A damning report published by the Office of Fair Trading this week concluded that defined contribution pension schemes are not delivering value for money for savers.
Specifically the OFT warned that older schemes – which hold about £30bn of savings – have high charges that can seriously reduce the eventual payout.
In fact, annual charges on old schemes can be up to 2.3 per cent compared with the 0.5 per cent that new schemes charge. The disparity means that anyone with an older scheme could see the charges effectively cut their pension pot by up to a third.
In response to the warning and proposals to shake-up pension saving, Which? executive director Richard Lloyd said: "The Office of Fair Trading's recommendations don't go far enough to prevent billions of pounds of consumers' money from languishing in poor value schemes. The Government must go further and set high-quality minimum standards for all workplace pensions as soon as possible, including a cap on all charges."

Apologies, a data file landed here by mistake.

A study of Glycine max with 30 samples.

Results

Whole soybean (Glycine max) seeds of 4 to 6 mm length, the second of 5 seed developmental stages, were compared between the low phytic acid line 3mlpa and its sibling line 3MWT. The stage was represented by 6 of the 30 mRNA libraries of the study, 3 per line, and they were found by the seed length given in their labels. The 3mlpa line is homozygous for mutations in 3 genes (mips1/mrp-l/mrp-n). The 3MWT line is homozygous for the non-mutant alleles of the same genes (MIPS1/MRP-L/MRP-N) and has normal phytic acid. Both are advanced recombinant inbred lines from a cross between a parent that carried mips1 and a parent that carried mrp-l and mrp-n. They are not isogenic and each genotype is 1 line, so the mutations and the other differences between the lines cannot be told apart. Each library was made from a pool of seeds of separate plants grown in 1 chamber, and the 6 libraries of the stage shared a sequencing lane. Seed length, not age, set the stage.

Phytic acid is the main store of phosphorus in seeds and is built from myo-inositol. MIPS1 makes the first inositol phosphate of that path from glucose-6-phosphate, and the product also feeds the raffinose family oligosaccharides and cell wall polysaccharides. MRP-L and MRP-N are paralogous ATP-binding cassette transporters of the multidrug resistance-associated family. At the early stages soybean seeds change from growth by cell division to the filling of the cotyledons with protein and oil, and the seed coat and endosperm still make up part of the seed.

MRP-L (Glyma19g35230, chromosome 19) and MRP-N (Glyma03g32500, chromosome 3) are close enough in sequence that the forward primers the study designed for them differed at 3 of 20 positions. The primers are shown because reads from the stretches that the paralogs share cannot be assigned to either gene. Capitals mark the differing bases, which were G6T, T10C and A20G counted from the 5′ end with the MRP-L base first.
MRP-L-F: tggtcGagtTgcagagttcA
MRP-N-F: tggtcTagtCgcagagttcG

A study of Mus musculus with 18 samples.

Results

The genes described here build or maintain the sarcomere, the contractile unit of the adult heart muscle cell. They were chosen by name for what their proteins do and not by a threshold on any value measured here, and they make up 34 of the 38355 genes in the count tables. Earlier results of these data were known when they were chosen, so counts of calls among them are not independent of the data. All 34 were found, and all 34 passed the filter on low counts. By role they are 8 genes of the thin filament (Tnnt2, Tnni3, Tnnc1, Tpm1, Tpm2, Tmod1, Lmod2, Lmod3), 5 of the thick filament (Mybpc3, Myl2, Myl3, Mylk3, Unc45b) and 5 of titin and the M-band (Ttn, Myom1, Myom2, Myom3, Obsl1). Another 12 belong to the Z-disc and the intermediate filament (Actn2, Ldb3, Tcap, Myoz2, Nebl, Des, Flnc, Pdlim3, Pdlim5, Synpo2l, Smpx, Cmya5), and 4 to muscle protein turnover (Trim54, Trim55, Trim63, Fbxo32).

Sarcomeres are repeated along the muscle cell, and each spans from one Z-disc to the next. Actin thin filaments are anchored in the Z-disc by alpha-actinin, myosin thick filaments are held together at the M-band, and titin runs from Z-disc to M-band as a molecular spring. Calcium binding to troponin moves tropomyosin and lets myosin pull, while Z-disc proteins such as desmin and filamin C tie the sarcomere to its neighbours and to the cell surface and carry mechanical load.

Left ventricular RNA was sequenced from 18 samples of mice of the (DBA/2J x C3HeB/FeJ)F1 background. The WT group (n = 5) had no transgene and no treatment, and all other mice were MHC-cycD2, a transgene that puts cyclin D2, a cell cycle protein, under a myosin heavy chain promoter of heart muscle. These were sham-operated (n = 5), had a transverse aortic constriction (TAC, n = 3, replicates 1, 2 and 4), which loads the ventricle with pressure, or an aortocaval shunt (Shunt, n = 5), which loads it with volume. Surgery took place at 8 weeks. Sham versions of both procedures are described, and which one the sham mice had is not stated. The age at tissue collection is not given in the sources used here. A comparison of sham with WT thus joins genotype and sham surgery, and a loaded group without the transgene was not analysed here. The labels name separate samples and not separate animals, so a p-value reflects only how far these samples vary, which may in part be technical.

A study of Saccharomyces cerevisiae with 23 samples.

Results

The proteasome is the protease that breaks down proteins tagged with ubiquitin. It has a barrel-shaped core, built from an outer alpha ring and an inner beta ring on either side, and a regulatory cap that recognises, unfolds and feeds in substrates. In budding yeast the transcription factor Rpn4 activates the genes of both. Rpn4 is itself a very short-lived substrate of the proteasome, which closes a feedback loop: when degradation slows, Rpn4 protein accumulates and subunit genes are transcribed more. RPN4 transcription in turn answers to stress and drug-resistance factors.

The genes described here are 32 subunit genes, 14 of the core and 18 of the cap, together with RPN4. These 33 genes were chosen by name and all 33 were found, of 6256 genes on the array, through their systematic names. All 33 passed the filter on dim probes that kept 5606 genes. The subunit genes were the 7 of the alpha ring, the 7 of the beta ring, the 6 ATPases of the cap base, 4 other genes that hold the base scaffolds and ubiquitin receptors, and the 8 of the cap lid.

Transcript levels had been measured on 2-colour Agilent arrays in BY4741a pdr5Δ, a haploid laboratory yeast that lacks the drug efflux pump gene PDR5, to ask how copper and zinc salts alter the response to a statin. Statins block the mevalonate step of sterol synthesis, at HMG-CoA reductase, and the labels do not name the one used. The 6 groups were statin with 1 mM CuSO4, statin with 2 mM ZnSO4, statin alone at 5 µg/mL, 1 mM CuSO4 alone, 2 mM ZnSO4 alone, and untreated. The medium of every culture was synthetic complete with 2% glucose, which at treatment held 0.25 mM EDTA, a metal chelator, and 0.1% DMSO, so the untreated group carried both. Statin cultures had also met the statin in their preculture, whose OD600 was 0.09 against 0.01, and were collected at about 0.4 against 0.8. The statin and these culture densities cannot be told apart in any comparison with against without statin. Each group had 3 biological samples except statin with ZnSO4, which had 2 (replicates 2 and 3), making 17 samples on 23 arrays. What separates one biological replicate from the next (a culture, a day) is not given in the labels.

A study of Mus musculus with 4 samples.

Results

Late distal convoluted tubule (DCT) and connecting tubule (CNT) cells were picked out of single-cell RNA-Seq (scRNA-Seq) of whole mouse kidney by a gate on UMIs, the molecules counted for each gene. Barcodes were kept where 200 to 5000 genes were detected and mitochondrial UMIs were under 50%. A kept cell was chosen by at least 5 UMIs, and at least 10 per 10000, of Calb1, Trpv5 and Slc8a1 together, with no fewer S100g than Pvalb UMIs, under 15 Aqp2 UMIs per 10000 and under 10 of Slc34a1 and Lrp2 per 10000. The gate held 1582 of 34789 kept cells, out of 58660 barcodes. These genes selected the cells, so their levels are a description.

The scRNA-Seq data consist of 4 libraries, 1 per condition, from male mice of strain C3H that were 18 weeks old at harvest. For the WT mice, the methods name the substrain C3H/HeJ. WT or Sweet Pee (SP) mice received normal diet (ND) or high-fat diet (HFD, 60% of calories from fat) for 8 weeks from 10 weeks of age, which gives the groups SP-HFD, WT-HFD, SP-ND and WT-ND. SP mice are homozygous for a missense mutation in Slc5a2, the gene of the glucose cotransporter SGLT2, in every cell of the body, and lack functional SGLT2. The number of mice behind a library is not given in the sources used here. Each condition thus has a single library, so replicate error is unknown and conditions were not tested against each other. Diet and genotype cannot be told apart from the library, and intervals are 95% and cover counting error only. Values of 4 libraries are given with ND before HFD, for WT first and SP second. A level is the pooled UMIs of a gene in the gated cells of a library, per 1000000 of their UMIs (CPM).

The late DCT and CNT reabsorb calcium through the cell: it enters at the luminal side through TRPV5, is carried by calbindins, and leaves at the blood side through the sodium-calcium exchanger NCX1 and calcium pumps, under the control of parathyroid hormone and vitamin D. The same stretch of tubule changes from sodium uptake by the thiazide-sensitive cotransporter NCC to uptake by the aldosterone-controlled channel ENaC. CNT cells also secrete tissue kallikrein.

But Michael Whitfield of the consultancy Thomsons Online Benefits said the focus on charges was misguided. "The emphasis on pension reform now needs to move on quickly from just focusing on low charges to addressing the bigger picture of achieving better pension outcomes for Britain's savers through sustained and relentless pension education," he said.
Tom McPhail, the head of pensions research at Hargreaves Lansdown, agreed that people needed to be encouraged to get more engaged with their pension saving. "In the long run, where we need to get to is to use the efficiencies of setting up group pensions through the workplace and then put individuals in control of their own retirement savings," he said.